A new elite of uber-rich entrepreneurs is shooting up the wealth rankings in South Korea, overtaking the families behind the country’s decades-old sprawling conglomerates known as “chaebol.”
Brian Kim, the founder of mobile-messaging app Kakao Corp., is the most prominent example with a fortune of $13.2 billion, recently replacing Samsung group heir Jay Y. Lee as the nation’s richest person. But other self-made billionaires abound.
There’s Chang Byung-gyu who completed a listing of game developer Krafton Inc. just this week, and Bom Kim, a South Korea-born U.S. national who took e-commerce giant
Coupang Inc. public in the U.S. earlier this year. Seo Jung-jin, the founder of biotech firm Celltrion Inc., is worth about $10 billion. The changing of the guard is a sign that South Korea’s $1.6 trillion economy is entering a new era of growth, becoming less reliant on the family-controlled corporations that wield immense power in all aspects of life. Some experts say the new wealthy are more aware of rising inequality and are more willing to give back to society. Others question whether they’ll be any different from those who built their old empires using cozy links to politicians and bureaucrats.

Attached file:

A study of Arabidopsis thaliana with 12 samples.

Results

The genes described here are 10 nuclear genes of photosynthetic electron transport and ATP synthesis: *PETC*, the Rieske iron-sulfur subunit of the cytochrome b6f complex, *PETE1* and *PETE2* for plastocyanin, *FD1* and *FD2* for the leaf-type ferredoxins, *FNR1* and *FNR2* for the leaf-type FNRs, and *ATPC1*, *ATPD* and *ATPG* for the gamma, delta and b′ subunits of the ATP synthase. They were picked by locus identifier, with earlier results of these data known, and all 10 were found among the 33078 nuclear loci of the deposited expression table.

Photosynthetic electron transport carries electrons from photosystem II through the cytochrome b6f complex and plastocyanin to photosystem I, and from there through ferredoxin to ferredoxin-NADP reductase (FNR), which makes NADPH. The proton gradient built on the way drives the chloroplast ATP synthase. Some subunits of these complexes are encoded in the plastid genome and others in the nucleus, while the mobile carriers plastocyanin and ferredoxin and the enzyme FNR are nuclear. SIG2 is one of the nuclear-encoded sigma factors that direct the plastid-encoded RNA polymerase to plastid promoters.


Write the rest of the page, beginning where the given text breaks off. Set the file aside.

“It’s a positive shift for South Korea,” said Kim Kyonghwan, dean of the graduate school of entrepreneurship at Sungkyunkwan University in Suwon, a city near Seoul. “The new rich offer a silver lining for younger folks by showing how fortunes can be made independently, rather than from inheritance.”
For decades, the chaebol have served as pillars of the Asian “miracle economy” that arose from the ashes of the Korean war. Political leaders have relied on conglomerates including Hyundai, Samsung, LG and Hanjin to rebuild the nation, giving them outsized influence. Over the years, some of them shot into the spotlight for scandals and cases of corruption that made international headlines, sparking backlash from the public. President Moon Jae-in has vowed to overhaul chaebol business practices and his government kicked off reforms last year to improve corporate governance and transparency.